Henry Clifford, the 83-year old American who spent US$25,000 of his own money to place advertisements at New York train stations that showed maps of Israel's gradual expropriation of Palestinian lands over 64 years, says he is unfazed by criticism from pro-Israeli groups and will continue to take out similar placements.
"I already have running this week in a local newspaper here in Connecticut the same ad and I am looking into running the same ad in the Boston area railroad stations," Clifford, who is the chairman of the Committee for Peace in Israel and Palestine, said in a telephone interview with Arabian Business from his home in Connecticut.
Clifford, who has lived and worked in the New York area all of his professional career, took out ads on platforms at Metro-North railroad stops this month that read "4.7m Palestinians are classified by the UN as refugees". The billboard includes maps showing the loss of Palestinian land from 1946-2010 to Israel.
The ads stirred up a storm in New York with Jewish organisations, including the pro-Israel Anti-Defamation League calling the signs "deliberately misleading and biased" and "inflammatory".
MTA, which manages transport in New York City, said it does not accept or reject a proposed ad, based on the viewpoint that it expresses or because the ad might be controversial, and Clifford is unmoved by the criticism.
"It's completely expected, I'm not surprised that organisations like that would have something to say along the lines of what they said," Clifford said.
"It's ironic that one of those organisations accused me of placing inflammatory ads. The word inflammatory is inflammatory," he added. "They're accusing me of wrongdoing - of trying to inflame something when the fact is their response is more inflammatory than my ads. I don't see how maps that present historical and geographical facts can be called inflammatory or anti-Semitic, or misleading. They are the facts and if you notice we don't editorialise. We present the facts and we let people decide for themselves what the conclusion is we don't tell them what to think, we just say here are the facts you decide."
Clifford has received over 600 emails from all over the world in response to the billboards, which have been reported on by television and radio stations, newspapers, and picked up by blogs and posted on social media sites like Facebook.
"I am astonished at the news coverage [and] the responses and I am immensely pleased that this has happened," Clifford said, adding "The purpose of these ads is to inform people, the news coverage has helped me accomplish my goal."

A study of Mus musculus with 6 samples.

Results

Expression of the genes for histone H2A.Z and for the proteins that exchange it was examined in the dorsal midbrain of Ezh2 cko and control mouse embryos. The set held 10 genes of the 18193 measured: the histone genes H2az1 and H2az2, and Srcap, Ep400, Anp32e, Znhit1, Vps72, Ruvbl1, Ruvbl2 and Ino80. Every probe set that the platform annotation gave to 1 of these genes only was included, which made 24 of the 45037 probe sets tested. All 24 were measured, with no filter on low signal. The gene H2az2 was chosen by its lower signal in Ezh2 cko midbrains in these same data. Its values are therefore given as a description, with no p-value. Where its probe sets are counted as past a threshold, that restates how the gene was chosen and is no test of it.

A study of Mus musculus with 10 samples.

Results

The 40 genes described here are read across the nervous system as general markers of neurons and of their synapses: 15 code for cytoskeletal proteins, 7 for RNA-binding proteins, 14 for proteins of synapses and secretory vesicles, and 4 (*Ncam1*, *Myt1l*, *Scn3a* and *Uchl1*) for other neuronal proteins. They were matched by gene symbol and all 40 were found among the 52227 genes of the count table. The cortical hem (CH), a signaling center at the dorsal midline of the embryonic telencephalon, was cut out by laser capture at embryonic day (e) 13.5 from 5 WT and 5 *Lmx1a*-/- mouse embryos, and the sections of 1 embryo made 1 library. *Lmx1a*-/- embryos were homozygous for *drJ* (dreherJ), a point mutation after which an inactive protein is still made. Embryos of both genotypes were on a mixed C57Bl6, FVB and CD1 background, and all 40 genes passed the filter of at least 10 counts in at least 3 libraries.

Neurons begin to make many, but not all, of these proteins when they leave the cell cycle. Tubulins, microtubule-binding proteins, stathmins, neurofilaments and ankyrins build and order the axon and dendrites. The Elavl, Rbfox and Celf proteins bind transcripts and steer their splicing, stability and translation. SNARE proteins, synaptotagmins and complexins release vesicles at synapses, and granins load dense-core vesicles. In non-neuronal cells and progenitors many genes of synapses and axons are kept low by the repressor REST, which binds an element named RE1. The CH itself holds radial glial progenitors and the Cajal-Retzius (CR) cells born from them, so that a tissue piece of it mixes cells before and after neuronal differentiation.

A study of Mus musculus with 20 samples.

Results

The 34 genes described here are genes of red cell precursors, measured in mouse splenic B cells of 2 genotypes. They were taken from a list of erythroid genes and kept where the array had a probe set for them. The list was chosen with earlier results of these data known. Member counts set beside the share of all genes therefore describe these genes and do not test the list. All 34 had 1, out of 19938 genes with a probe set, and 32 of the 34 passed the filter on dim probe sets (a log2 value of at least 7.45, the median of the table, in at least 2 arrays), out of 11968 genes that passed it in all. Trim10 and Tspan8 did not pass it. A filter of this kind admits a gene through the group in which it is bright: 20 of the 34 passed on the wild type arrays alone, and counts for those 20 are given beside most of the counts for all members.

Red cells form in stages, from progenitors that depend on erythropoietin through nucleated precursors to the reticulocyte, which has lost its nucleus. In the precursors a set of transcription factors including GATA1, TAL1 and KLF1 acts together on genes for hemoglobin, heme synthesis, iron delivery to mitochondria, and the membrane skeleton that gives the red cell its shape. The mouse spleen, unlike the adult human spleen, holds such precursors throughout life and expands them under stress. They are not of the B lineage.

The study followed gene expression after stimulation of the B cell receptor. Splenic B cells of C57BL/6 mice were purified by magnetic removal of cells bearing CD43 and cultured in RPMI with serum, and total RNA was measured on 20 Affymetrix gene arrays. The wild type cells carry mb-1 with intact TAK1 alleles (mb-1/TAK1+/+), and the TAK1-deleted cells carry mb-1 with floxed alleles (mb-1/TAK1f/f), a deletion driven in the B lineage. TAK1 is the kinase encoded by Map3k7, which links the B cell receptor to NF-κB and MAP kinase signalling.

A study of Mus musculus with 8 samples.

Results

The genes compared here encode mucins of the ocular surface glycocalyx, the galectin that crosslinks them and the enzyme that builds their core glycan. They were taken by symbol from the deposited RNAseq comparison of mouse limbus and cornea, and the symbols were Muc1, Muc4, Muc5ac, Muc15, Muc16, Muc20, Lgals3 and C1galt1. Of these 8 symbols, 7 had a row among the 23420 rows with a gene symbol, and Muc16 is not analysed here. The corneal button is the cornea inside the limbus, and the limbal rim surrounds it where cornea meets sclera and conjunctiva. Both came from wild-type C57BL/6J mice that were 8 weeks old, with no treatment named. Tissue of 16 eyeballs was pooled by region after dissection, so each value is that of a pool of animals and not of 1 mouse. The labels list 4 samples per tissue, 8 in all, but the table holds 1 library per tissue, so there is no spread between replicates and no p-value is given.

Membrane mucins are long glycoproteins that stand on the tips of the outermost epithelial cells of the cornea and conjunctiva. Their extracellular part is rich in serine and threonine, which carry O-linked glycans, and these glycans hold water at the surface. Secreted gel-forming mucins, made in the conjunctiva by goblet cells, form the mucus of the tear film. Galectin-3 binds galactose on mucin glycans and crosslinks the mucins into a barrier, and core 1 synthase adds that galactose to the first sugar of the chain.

"We have been doing a great deal of many things over the years and I must say without a great deal of success and this has been an absolute astonishment to me because of the news coverage," Clifford said. "The internet is a simply amazing tool for getting the word around. It's absolutely amazing what has happened here."
Pro-Israeli organisations aside, the feedback has mostly been positive.
"My experience in this matter over the years has been that the response would very often be very critical and in fact often be nasty, profane, angry. In this case I would judge that 95 percent of the emails received have been positive and 5 percent negative. Among the 5 percent only a few have been nasty. That's another surprise. I fully expected many more critical responses."
Clifford said he's also surprised that he hasn't been contacted by Palestinian government officials .
Though he's received emails from people offering contribute financially to his activities, Clifford said there are no plans to open a fund that would finance his undertakings.
"My response so far has been that their contribution can be to take this ad and use it locally in any way that they want, put in newspaper, a railroad station or anywhere that they think is suitable and fund that effort themselves rather than give the money to me," he said. "If I continue this on a very large scale then yes perhaps I would want to open an avenue for contributions."